David Cameron has reneged on a pre-election promise to reward early adopters of solar panels and other domestic green energy generation.
Under the "feed-in tariff" scheme introduced in April, owners of solar panels fitted to houses after 15 July 2009 are paid 41.3p per unit of electricity, while householders who put up panels before that date get just 9p.
Green energy campaigners have fought the difference, which is a betrayal.
Responding in March to a letter from one of his Witney constituents calling for an increase in payments to such "pioneers", Cameron wrote in a letter seen by the Guardian: "I agree with you that the [Labour] government's current proposals for feed-in-tariffs will unfairly penalise the very people who were the early investors in local energy."
He added: "That is why under a Conservative government, any micro-generation technologies that have already been installed … will be eligible for the new higher tariffs once they commence."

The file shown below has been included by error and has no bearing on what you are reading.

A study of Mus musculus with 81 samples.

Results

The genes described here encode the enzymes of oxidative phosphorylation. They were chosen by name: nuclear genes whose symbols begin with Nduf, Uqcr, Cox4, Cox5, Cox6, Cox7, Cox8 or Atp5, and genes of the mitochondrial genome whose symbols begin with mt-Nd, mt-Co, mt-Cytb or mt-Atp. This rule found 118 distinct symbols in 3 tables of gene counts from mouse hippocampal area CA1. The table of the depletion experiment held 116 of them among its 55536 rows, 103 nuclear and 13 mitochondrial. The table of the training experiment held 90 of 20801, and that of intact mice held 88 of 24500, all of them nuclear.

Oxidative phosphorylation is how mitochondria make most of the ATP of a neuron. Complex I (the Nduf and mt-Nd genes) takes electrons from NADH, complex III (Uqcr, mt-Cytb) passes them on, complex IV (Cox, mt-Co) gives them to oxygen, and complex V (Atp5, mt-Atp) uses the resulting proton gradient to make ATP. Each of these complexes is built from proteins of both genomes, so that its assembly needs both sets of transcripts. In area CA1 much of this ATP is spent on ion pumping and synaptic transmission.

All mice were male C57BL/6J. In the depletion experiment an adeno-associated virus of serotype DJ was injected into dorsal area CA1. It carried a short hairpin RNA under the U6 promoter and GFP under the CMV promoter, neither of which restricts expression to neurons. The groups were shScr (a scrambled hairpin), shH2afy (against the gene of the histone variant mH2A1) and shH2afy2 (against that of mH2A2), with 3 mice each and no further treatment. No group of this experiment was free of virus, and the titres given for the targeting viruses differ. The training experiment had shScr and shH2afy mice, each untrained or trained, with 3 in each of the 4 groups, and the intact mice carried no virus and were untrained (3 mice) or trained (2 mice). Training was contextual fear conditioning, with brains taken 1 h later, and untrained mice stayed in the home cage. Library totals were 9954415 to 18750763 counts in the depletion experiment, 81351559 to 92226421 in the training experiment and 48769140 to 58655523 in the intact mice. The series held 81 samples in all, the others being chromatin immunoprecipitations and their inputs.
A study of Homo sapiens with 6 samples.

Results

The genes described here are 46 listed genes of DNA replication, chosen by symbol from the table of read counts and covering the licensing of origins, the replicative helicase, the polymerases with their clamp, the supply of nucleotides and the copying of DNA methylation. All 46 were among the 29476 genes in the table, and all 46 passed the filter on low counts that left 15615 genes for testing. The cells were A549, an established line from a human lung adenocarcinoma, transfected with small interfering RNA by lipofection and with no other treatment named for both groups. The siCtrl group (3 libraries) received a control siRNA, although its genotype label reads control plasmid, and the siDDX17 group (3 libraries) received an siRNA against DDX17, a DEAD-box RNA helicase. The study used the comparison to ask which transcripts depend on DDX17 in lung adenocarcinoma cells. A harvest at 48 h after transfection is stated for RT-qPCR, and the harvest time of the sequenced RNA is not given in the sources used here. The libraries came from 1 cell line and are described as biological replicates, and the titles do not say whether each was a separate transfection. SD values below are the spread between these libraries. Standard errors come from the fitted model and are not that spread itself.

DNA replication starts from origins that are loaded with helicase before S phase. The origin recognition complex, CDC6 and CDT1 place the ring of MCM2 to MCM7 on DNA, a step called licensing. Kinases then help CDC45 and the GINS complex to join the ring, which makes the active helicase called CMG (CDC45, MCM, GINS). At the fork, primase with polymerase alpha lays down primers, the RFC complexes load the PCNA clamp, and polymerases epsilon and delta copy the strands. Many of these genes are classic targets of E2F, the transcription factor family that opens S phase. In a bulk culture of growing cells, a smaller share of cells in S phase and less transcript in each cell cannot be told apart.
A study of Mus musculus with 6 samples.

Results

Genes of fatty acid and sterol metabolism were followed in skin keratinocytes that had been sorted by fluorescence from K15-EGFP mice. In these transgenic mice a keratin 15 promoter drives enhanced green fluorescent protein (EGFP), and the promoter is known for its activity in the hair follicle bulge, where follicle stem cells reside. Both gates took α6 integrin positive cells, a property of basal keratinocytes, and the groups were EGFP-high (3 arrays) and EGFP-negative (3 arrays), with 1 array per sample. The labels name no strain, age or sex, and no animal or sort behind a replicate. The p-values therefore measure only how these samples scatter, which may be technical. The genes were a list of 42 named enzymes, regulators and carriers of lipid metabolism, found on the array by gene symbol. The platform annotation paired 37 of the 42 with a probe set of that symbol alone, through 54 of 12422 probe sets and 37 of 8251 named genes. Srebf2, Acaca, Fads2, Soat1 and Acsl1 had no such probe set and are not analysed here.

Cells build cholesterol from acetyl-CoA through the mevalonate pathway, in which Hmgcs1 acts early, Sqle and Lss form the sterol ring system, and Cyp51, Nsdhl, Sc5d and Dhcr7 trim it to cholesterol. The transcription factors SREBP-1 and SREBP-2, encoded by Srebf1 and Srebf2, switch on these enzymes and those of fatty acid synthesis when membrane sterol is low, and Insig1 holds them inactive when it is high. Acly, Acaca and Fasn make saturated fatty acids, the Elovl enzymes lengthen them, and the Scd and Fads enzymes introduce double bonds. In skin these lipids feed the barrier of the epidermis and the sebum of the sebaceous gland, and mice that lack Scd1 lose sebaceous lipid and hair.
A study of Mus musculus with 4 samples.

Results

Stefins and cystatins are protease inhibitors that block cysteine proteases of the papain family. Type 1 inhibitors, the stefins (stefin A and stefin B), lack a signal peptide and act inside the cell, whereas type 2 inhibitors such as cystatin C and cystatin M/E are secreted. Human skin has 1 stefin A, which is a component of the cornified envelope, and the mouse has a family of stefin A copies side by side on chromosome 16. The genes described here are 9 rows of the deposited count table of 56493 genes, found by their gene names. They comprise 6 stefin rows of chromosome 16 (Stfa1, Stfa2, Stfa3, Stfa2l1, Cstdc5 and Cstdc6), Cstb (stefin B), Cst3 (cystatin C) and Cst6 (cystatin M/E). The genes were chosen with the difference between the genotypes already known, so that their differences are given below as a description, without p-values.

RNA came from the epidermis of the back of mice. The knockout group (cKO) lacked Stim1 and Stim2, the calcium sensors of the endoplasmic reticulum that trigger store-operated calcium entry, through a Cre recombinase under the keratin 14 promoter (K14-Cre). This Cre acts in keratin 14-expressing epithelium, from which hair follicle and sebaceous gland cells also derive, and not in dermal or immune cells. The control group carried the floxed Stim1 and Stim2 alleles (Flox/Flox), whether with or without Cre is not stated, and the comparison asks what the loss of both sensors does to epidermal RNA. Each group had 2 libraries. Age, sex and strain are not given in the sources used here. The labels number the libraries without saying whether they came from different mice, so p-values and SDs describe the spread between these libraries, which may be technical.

But last month, responding to a question from Green MP Caroline Lucas the energy secretary, Chris Huhne, ruled out any such move. "I considered the issue carefully on a value-for-money basis, and I am afraid that the advice from my officials was clearly that we cannot introduce retrospection in such cases because it does not represent value for money".
"We are trying to introduce new schemes in future, and therefore, sadly, the only incentive and payback that people such as the Hon Lady and I will get is the warm glow of being pioneers."
Within days of taking power as PM, Cameron said the coalition would be the "greenest government ever". Sigh. reminds me of Tony Blair who made many fine speeches, but never delivered.
A few years ago Cameron referred to wind farms as “giant bird-blenders”!